Back on the 10 March 2020, before the first COVID-19 lockdown, our ambassador, Natalie, joined the All Party Parliamentary Group on Skin (APPGS) to talk about her experiences of growing up with vitiligo.
Natalie shared how her life had been impacted, from not wanting to do everyday activities like PE or joining her friends at the swimming pool, to feeling nervous heading into job interviews in case she was asked about her skin.
The APPGS was gathering first-hand accounts from people with skin conditions, along with evidence from clinicians, healthcare professionals, academics and charities like Changing Faces for their report, Mental Health and Skin Disease.
The report was published in September 2020 and highlighted the dire lack of NHS mental health provision available for anyone with a skin condition in the UK today. The report made recommendations for Government around improving the availability of services across the UK. It also called for better training for healthcare professionals to improve understanding that people with skin conditions may also require mental health support as part of their treatment.
There was a particular focus on the need for services for children, and we backed wholeheartedly the recommendation that all children and young people experiencing mental health distress associated with their skin condition must have access to appropriate mental health support. You can read our full response to the report here.
Last week, Sir Edward Leigh MP, the chair of the APPGS secured a Westminster Hall Debate on skin conditions, mental health and the NHS, with the Minister for Care and Mental Health, Gillian Keegan MP.
Our ambassador Natalie was watching the debate live on Parliament TV, and has shared her thoughts on what happened:
“It was a really great debate and interesting to hear the viewpoints of the MP’s contributing. I really liked how Sir Edward Leigh reiterated the importance of investing in support services for those with a visible difference and explaining how the mind and skin are linked. There were so many strong points raised.
“By sharing statistics from the report and Changing Faces’ research it was clear to the Minister the scale of the problem, the numbers are quite startling. They also showed how much Covid has psychologically impacted those with a visible difference.
“Hearing the debate felt like a positive step forward. It felt like the many issues and challenges experienced by those with a visible difference, particularly skin conditions, were finally being taken seriously. This was a great opportunity to raise awareness and educate those who often misunderstand people like me.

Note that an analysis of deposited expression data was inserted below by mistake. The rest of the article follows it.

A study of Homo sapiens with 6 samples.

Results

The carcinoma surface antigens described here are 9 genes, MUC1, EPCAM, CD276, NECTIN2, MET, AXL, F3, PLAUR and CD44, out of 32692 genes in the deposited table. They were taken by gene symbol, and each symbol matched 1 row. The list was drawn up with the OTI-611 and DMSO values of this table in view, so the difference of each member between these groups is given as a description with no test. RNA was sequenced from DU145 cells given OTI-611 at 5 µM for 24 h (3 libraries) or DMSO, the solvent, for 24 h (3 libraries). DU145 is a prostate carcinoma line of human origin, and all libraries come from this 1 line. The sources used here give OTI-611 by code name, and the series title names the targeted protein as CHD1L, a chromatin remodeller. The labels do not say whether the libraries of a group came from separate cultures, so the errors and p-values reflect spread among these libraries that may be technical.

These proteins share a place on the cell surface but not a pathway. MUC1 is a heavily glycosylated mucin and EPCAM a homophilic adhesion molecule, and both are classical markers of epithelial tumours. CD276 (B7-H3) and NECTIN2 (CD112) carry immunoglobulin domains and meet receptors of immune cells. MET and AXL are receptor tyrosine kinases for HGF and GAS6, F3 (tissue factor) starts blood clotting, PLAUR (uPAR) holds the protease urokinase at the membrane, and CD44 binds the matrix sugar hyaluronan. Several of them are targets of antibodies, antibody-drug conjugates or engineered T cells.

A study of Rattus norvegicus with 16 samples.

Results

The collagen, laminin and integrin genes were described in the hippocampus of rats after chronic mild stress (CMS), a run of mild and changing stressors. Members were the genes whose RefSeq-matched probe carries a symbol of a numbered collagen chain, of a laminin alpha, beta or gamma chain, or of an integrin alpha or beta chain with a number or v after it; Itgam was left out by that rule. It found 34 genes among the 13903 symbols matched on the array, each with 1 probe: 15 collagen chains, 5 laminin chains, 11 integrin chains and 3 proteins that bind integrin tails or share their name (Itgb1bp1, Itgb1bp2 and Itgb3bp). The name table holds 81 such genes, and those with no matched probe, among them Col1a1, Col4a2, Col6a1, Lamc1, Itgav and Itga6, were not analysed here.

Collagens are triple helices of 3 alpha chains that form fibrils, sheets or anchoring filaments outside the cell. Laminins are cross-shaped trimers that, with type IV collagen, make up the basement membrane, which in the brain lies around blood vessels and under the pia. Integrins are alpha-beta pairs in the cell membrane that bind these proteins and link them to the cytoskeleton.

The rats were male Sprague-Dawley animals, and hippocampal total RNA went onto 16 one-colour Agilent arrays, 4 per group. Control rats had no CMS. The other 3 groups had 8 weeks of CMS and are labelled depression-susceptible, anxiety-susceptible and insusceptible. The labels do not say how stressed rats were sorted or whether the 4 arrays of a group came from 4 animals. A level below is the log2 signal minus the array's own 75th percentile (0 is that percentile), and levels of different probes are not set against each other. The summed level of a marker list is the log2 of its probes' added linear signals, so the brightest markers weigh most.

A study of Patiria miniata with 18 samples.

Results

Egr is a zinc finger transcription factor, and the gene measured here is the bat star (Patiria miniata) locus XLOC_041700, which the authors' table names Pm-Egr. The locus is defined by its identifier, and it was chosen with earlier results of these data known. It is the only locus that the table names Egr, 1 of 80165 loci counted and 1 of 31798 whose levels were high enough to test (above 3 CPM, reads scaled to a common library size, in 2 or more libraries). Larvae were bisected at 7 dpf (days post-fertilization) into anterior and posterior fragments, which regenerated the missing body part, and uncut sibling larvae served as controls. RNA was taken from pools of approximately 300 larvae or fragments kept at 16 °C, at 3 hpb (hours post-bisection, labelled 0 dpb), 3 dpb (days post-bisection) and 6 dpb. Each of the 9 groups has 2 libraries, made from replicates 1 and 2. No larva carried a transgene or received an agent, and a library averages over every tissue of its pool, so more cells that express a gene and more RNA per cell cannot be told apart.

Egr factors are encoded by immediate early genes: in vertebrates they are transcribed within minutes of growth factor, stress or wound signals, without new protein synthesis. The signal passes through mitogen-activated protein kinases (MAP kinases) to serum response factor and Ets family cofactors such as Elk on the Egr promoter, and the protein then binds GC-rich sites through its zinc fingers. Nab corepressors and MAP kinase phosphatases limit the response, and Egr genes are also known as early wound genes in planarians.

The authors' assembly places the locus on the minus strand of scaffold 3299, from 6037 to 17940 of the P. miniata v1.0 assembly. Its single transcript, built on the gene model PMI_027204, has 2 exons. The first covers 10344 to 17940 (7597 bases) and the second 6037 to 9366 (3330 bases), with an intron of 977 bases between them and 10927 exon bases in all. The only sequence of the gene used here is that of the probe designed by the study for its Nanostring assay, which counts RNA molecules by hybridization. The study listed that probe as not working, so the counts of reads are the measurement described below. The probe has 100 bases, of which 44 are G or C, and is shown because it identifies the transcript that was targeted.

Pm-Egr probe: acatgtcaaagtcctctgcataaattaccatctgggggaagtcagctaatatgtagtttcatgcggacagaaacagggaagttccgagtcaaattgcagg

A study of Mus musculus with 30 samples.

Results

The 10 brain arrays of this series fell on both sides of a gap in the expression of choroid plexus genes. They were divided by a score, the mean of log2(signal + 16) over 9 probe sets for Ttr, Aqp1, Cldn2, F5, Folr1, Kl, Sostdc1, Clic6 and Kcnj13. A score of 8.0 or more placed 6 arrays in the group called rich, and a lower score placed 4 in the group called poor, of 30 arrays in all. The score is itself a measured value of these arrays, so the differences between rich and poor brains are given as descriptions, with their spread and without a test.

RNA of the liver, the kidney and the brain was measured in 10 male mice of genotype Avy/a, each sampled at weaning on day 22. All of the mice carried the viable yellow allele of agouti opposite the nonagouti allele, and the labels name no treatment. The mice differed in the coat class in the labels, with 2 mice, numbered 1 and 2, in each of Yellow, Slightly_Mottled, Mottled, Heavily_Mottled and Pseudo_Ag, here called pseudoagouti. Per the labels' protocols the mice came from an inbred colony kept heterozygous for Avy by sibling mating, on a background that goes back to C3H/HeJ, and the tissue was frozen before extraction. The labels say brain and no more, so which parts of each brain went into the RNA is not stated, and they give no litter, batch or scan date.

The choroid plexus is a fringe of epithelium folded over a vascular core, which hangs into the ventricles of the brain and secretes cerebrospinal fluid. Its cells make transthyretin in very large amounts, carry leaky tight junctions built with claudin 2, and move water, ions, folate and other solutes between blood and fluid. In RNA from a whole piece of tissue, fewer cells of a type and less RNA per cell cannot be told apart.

“The debate gave particular focus to young people with skin conditions and the pressures they are facing. We heard a heart-breaking statistic about those who have contemplated suicide. It’s for reasons like this (and many, many others), that more funding has to be directed towards creating and improving support services.
“I found it disappointing to find out that there are no dedicated psychodermatology clinics in Wales, and it’s a postcode lottery for England too. That shouldn’t be the case in 2022!
“Each MP that spoke did a great job in supporting and voicing the importance of improving and investing in mental health services within the NHS, providing holistic support for patients, making sure health professionals are knowledgeable and having patient assessments that treat the mind and skin together.
“Some MPs that spoke shared their own personal experiences with a skin condition or made reference to patients they knew who had been impacted, and they did so with a genuine passion to encourage change.
“I felt very proud to hear Carolyn Harris MP and Caroline Nokes MP both speak out about the support services Changing Faces provides, and the need for these services to be considered as part of the solution to the problem. Carolyn encouraged the Minister to follow in the footsteps of the Welsh Government and sign up to Pledge To Be Seen.
“She rightly flagged that as well as providing mental health support, there also needs to be action taken to reduce the intolerance and prejudice faced by people with visible differences, and having better representation in popular culture, job adverts and public information campaigns is part of that.
“I’m pleased I shared my story with the APPGS back in March 2020, I feel like I played a part in getting these issues in front of the Minister and debated. Now I’m looking forward to hearing what the Minister is going to do next. The sooner we see better services in place, the more supported and confident those with a visible difference will feel.”
Since the debate, we’ve contacted the Minister, sharing more information and requesting a meeting so we can make sure Changing Faces is part of the conversation to create better services and support for those with skin conditions, and visible differences.